Swiss stocks will be barred from trading in the European Union from Monday after the two sides failed to reach a political framework deal.
The Swiss government said Thursday it would block trading of Swiss shares in the EU, an unprecedented retaliatory step, shortly after the European Commission announced that it saw no reason to extend recognition of Switzerland’s stock exchange - Europe’s fourth largest - beyond the end of this month. The Brussels measure effectively bans EU-based banks and brokers from trading shares directly on Swiss bourses.
“The Swiss Federal Finance Department is...activating the measure to protect the Swiss stock exchange infrastructure,” a Swiss statement saidexternal link. “This activation is because the European Commission has not yet extended the stock market equivalence.”
Swiss Foreign Minister Ignazio Cassis told Swiss public radio SRFexternal link that he hoped the measures could be temporary and pointed to “misunderstandings” with the EU. He said that the EU felt that Switzerland was playing for time, but this was not the case.
“…we need time because we have a different political structure and we cannot simply decide in the government and that’s it,” he said.
Cassis was referring to the Swiss system of consensus-building between politicians, unions, industry bodies and others and its system of direct democracy in which voters get a final say on important matters.
In reaction, the Swiss stock exchange, SIX, reiterated its statementexternal link of Monday, saying it still welcomed the ordinance adopted by the Swiss Federal Council in November 2018 to safeguard and to strengthen the functioning of the Swiss capital market. "If the recognition of equivalence is definitely not extended, this measure shall ensure that EU market participants continue to have access to the Swiss domestic market and continue to be able to trade Swiss shares there." It added that it had prepared itself with several measures for this eventuality.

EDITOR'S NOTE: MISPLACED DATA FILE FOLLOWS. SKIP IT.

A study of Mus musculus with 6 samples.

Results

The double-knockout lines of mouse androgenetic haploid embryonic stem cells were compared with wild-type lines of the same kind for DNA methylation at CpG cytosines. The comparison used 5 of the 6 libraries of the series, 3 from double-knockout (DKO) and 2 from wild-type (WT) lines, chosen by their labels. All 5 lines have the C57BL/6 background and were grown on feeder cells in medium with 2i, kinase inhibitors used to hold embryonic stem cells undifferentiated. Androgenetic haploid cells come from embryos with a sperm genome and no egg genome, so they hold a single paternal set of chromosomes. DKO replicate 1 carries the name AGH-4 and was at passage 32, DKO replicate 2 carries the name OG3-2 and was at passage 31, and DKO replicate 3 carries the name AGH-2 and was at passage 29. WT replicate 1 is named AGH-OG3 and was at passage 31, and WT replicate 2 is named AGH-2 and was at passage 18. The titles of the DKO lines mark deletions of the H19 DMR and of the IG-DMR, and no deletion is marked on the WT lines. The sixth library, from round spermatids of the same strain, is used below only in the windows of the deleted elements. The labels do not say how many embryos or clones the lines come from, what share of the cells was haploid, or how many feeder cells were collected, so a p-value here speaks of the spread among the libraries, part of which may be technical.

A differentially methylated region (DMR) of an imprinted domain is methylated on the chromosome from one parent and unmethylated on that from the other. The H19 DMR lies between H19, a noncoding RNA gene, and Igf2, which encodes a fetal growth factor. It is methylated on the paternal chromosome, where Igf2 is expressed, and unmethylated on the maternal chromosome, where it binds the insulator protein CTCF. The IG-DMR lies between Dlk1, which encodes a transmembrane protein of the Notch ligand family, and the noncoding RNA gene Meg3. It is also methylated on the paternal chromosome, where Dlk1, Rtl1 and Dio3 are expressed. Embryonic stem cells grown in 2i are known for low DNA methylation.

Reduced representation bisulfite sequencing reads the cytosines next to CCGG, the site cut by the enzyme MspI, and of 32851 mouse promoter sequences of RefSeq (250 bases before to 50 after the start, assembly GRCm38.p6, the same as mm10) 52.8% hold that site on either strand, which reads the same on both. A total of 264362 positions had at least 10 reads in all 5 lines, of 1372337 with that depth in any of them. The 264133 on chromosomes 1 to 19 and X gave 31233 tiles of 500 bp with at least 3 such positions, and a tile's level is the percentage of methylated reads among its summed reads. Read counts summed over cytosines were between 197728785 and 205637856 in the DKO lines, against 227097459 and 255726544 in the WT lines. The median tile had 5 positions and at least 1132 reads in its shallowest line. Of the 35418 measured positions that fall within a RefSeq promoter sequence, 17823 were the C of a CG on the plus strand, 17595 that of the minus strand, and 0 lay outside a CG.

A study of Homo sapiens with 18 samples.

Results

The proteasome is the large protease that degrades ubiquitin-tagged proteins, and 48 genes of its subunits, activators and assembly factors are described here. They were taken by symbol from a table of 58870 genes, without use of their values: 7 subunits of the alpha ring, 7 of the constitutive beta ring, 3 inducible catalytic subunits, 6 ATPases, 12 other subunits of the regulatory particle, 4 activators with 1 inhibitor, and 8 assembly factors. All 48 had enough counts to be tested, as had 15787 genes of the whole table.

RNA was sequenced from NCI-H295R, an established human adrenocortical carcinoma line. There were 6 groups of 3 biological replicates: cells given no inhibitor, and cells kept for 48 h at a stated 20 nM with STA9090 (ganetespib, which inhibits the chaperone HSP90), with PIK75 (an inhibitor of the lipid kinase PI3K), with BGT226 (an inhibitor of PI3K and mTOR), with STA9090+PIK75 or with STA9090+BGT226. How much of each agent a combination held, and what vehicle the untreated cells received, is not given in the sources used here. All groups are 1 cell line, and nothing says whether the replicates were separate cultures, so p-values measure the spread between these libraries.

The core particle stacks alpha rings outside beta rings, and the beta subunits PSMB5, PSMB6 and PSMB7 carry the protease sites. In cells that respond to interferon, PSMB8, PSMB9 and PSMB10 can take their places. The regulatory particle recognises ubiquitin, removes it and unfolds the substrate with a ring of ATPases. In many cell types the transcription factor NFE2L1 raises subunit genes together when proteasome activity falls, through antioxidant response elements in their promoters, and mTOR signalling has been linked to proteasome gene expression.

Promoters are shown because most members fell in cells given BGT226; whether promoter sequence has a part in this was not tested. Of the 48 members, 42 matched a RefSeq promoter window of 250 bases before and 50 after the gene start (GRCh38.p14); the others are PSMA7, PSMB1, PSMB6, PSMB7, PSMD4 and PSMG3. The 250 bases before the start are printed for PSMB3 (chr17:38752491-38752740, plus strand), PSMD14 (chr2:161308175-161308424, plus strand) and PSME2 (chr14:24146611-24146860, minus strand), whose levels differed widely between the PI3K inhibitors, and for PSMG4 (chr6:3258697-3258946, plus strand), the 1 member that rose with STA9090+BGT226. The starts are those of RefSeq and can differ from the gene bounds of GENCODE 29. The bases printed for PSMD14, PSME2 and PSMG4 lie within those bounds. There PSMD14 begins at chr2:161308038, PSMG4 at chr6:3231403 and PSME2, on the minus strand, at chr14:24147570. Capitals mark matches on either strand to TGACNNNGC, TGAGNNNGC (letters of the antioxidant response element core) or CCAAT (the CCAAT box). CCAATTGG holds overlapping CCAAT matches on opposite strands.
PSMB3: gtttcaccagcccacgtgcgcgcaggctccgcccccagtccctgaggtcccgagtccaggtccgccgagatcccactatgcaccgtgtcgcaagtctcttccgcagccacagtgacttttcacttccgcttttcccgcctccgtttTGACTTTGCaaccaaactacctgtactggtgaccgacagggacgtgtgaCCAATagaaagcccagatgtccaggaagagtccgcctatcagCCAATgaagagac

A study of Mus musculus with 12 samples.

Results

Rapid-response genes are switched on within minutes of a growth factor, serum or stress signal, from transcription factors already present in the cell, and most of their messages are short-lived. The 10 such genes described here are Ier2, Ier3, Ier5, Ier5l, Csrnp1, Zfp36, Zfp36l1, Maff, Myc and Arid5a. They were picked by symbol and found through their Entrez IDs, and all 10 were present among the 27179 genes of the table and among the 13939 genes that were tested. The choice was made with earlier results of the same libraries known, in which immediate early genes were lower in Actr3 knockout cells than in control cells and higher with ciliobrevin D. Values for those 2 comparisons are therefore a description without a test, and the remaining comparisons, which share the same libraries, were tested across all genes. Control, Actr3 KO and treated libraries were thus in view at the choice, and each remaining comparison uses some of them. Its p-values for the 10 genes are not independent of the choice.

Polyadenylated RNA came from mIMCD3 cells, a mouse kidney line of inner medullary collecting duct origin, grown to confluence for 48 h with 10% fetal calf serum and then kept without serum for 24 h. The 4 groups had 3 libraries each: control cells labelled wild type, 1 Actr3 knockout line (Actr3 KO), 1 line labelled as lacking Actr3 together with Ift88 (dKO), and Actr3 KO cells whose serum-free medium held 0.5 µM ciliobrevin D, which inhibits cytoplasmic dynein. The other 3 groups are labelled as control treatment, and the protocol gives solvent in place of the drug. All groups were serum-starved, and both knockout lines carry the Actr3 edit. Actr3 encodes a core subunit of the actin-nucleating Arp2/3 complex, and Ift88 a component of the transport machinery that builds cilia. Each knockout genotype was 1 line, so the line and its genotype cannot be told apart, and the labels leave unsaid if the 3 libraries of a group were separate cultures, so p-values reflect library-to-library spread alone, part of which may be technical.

Since 2014, Bern and Brussels have been trying to formalise long-term ties in an institutional framework agreement. Relations are presently covered by around 120 separate bilateral accords negotiated since a 1992 referendum in the Alpine state rejected joining the European Economic Area.
The proposed overarching agreement covers five of the larger bilateral deals: free movement of people, mutual recognition of industrial standards, agricultural products, air transport, and land transport.
Experts say failure to endorse the treaty and begin the ratification process could severely shake Swiss ties with its biggest trading partner.
But with Swiss parliamentary elections due in October, the deal has become entangled in domestic politics, with opposition from both the left and right.
Earlier this month Switzerland said it wanted “more clarification” on the deal before signing it, but the EU has already indicated that it is not keen on more haggling over the details.